As the world continues to recover from the Coronavirus, we're all finding ourselves in unfamiliar territory given the subsequent lockdown that is keeping us off of stages and confined to our homes. Luckily, there's comfort in the fact that we're all in this together, and that there are still many outlets for us musicians to keep us active and sane throughout this quarantine. We're checking in with bass players from all over the world to see what they're doing to stay entertained, healthy, productive, and safe during this trying time.

Bass Player: Barry Sparks

Bands & Artists: Yngwie Malmsteen, Michael Schenker Group, UFO, Ted Nugent, Dokken, B’z

Home: Ohio

How have you been passing time during the lockdown?

I’ve been very fortunate to have remained busy recording several albums during the pandemic. I recently finished the upcoming Michael Schenker Group record, Immortal, and Quiet Riot vocalist James Durbin’s upcoming album, Durbination. I had fun playing on the new American Tears record, Free Angel Express. [Bandleader] Mark Mangold is an awesome keyboardist and vocalist whose playing and Moog sounds take me back to Rick Wakeman, Keith Emerson, and Tony Banks. Currently, I’m recording the new Leatherwolf album. It sounds great; some real heavy stuff along with some progressive metal elements.

What have you been working on in terms of your bass practice routine?

I have a set of excercises, licks, and scales that I’ve been playing for years. Often the best practice method for me is to put on some vinyl—I’m a serious record collector—and sit and play along, to keep my ear and my fingers in shape.

What music, songs, recordings, artists, bass players have you been listening to as a source of comfort and inspiration that you can recommend?

I must admit I’m very old school. My biggest bass heroes are who I call “The Greats”—guys like Geddy Lee, John Entwistle, Chris Squire, Jack Bruce, Steve Harris, and John Paul Jones. They all still inspire me. I like to hear about new players as well, it’s just that my heart and soul belongs to the legends!

What bass gear have you been playing and trying out?

I play my ESP signature basses almost all of the time; they’re amazing and they’re my voice. Ocassionally I use my “Geddy” Fender Jazz basses or my Rickenbacker 4003. I have a prototype bass overdrive I designed with a Japanese company called TDC. The pedal works perfect for me. I can blend in precisely as much distortion and overdrive as I need. It works especially great in a live setting, through my Ampeg SVT Classic rig. I’ve been using S.I.T. strings for over 25 years; they’re a great company and they make awesome sounding bass strings. In my home studio, I’ve been producing and mastering a few up-and-coming artists. I’m a guitarist, as well, so I often end up playing guitar and bass on the projects. I’ve been recording on Steinberg Nuendo for a long time, though I’m constantly experimenting with new programs. I like Komplete Kontrol from Native Instruments. It has great violin and grand piano sounds.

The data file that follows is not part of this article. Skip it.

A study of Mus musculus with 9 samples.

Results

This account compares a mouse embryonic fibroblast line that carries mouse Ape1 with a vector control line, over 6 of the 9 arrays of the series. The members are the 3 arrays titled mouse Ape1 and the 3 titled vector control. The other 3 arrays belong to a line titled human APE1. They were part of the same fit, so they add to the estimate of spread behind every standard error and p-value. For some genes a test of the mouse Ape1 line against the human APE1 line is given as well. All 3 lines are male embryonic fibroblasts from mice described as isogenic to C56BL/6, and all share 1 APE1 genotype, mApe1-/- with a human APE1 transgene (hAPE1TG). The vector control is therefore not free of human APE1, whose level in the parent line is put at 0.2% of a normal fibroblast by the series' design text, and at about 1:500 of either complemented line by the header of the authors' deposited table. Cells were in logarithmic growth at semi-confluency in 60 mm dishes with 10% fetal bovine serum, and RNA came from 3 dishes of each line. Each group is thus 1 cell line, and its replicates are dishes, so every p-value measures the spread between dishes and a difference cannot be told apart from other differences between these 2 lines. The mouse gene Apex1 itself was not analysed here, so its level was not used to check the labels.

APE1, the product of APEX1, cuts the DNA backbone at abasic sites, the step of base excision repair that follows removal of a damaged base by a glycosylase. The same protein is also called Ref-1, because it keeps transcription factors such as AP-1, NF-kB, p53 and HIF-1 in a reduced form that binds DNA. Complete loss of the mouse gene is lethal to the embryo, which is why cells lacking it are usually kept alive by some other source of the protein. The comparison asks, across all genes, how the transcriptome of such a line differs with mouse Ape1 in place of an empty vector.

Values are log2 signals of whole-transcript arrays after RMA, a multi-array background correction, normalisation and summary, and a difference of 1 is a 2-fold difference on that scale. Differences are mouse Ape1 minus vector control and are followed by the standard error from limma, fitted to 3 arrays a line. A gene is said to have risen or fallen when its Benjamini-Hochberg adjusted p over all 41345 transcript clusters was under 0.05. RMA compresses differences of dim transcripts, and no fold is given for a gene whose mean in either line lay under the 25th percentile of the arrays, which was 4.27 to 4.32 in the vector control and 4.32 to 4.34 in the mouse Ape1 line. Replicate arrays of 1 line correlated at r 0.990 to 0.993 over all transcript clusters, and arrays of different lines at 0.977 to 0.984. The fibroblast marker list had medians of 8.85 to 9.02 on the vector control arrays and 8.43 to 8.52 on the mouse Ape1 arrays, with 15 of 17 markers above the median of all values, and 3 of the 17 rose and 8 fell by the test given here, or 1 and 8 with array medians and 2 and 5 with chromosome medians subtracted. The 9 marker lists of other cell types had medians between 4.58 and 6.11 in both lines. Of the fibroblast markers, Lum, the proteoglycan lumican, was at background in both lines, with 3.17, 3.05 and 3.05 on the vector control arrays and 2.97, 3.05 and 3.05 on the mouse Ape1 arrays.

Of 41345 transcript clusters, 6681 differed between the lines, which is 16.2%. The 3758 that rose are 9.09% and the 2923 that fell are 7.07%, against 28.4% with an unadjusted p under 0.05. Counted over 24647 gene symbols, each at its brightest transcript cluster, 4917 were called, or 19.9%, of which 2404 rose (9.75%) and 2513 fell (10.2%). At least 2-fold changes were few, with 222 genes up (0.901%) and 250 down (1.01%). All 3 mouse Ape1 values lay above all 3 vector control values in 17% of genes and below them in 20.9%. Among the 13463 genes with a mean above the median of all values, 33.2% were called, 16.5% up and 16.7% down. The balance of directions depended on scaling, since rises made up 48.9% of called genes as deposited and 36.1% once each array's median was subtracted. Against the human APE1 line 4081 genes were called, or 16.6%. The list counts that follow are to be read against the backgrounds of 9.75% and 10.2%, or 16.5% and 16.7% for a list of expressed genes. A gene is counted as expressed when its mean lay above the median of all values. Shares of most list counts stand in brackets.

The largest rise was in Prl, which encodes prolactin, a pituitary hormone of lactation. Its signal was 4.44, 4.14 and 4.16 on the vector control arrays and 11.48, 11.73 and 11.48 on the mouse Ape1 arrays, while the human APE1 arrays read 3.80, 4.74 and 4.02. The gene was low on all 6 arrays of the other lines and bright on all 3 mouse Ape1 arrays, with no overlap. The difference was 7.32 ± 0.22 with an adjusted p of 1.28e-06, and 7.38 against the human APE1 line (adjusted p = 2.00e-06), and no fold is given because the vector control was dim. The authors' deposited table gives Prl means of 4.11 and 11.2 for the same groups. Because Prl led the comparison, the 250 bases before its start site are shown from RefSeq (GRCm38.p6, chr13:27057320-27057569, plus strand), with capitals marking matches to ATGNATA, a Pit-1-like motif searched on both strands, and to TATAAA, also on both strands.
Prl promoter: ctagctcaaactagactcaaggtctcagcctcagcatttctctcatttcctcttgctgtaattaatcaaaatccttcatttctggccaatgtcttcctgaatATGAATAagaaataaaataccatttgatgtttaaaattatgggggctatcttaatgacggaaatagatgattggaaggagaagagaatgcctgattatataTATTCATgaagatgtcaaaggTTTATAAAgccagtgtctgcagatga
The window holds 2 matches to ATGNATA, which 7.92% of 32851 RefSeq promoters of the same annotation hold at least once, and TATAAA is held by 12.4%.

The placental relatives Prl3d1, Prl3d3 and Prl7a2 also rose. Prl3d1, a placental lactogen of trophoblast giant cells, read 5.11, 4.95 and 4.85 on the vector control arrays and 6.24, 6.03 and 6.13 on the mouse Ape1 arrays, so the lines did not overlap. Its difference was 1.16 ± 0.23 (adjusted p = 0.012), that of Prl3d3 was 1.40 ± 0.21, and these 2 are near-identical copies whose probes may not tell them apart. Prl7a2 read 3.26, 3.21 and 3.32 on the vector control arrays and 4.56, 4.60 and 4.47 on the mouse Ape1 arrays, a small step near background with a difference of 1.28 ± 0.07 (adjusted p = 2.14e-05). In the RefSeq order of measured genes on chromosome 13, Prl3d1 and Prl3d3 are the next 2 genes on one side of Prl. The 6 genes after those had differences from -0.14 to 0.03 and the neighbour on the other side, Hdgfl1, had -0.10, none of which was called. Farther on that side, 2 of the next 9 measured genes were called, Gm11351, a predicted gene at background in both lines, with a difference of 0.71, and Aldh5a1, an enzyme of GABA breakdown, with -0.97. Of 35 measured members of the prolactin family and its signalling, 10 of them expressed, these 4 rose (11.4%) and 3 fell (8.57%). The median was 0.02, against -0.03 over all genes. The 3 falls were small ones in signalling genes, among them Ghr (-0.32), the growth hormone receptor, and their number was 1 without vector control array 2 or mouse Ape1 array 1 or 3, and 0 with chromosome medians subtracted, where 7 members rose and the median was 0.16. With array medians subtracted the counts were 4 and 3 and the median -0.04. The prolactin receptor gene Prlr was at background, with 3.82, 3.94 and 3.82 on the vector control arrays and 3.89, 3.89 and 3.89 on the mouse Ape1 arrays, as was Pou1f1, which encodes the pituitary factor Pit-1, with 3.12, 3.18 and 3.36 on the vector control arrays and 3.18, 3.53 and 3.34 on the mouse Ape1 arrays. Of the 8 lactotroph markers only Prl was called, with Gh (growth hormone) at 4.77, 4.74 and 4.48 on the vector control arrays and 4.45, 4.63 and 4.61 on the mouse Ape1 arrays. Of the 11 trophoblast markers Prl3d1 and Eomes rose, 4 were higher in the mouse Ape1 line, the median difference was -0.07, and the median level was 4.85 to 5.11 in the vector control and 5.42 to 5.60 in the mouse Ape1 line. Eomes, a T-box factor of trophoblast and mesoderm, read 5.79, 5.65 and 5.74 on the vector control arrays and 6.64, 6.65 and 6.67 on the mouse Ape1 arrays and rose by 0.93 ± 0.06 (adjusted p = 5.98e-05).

What non-music activities, books, shows, movies, or workout recommendations do you have?

I enjoy taking my wife and kids to lakes and exploring the mountains and forests near where we live. Hiking and biking is big for us, as well. We love travelling and we document a lot of it on our YouTube channel, This Is How We Rock. For viewing, I’m not that into the new “Hollywood Agenda” movies. I’ll take old classic movies everytime. We also like to watch home design and building shows.

What projects do you have coming up when the world gets going again?

In addition to the upcoming albums I mentioned previously, I’ve been writing and recording with my old friend, the great vocalist Paul Sabu. And my new bass shred Christmas song and music video, featuring my five kids—Serena, Dennis, Eric, Leonardo and Arianna—is almost finished. I’m just waiting for the snow!

What advice can you offer fellow bassists for staying positive and keeping morale high?

I always say to be a musician you have to do it solely for the love and enjoyment of it. After all of these years I still enjoy playing as much as ever. Practice everyday to keep in shape. Also listen to your favorite bass players and try to emulate them. That’s not the same thing as stealing their licks, but after awhile you will develop your own style, which may be a blend of many of your favorite bass players. These days it’s tougher than ever to be a musician and keep your morale high, but if you do it for your own enjoyment, playing bass will alway keep you positive!